A bill that would prohibit the use of genetic information and genetic testing in underwriting with respect to health insurance and employment was passed in the U.S. House of Representatives on April 25, 2007 by a vote of 420-3. A similar bill is currently pending in the Senate. Both titled the "Genetic Information Nondiscrimination Act of 2007," S. 358, sponsored by Senator Snowe (D-NY), and H.R. 493, sponsored by Representative Slaughter (R-ME), have garnered the support of the Bush Administration. The bills, in addressing health insurers' use of genetic information, would amend the Employee Retirement Income Security Act of 1974 (ERISA), the Public Health Service Act (PHSA), and Title XVIII of the Social Security Act (Medicare). If passed and signed into law by the president, the legislation would have a substantial impact on the way that health insurers do business nationwide. In particular, this legislation would regulate the use of genetic information in health plans subject to ERISA.

The proposed legislation seeks to alleviate the patchwork of state prohibitions regarding genetic information in order to promote participation in genetic research and the use of genetic testing. Currently, most states prohibit discrimination with respect to health insurance and employment based on genetic information. However, inconsistencies exist with regard to the health insurance market. For example, some state laws may apply only to group health insurers while other state statutes may apply only to individual health insurers. In addition, states do not uniformly define genetic information. Most important, under ERISA, states may not regulate employer-purchased health plans, the bulk of the health insurance market.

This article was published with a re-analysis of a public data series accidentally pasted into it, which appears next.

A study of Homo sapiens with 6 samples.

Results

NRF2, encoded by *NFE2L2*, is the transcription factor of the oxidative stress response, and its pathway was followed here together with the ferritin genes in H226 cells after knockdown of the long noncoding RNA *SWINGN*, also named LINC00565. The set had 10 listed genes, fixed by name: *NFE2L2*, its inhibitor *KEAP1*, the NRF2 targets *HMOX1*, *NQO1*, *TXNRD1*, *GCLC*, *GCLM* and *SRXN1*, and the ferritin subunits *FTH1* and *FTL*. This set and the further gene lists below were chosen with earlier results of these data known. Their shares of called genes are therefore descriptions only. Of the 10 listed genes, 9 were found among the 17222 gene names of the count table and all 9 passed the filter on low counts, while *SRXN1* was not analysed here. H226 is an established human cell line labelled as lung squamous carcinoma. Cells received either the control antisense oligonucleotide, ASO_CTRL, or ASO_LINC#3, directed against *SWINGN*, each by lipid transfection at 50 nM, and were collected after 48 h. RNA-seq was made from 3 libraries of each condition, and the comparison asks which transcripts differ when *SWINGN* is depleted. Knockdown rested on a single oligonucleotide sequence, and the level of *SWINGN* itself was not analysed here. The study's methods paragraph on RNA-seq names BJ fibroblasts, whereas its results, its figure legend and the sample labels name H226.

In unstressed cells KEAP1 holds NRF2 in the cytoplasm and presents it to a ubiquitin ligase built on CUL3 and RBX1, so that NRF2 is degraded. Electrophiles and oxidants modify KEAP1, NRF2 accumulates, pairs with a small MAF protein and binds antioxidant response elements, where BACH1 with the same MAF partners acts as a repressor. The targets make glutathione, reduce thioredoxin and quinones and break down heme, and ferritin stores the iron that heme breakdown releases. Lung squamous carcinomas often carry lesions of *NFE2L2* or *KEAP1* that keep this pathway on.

Under this legislation, health insurance issuers would be prohibited from requiring an individual or family member to undergo genetic testing. In addition, health insurers would be prohibited from adjusting premiums based on a person's genetic information or family information; group health insurers would similarly be prohibited from adjusting group premiums based on the genetic information of either a person in the group or a family member of a person in the group. This legislation would also ban health insurers from invoking a preexisting condition exclusion on the basis of genetic information. Further, bills would ban the use of genetic information for underwriting purposes or determining eligibility for health insurance.

In addition to restricting health insurers' collection and use of genetic information, the pending legislation addresses privacy concerns related to genetic testing by expressly prohibiting the use or disclosure of genetic information for underwriting purposes as well as the collection of genetic information prior to enrollment.

The proposed legislation is specifically focused on the health insurance market. However, the committee reports highlight a concern that people will not participate in genetic testing or research without these legislative protections. This legislation, therefore, may the first step towards broader prohibitions on the use of genetic information in the insurance market.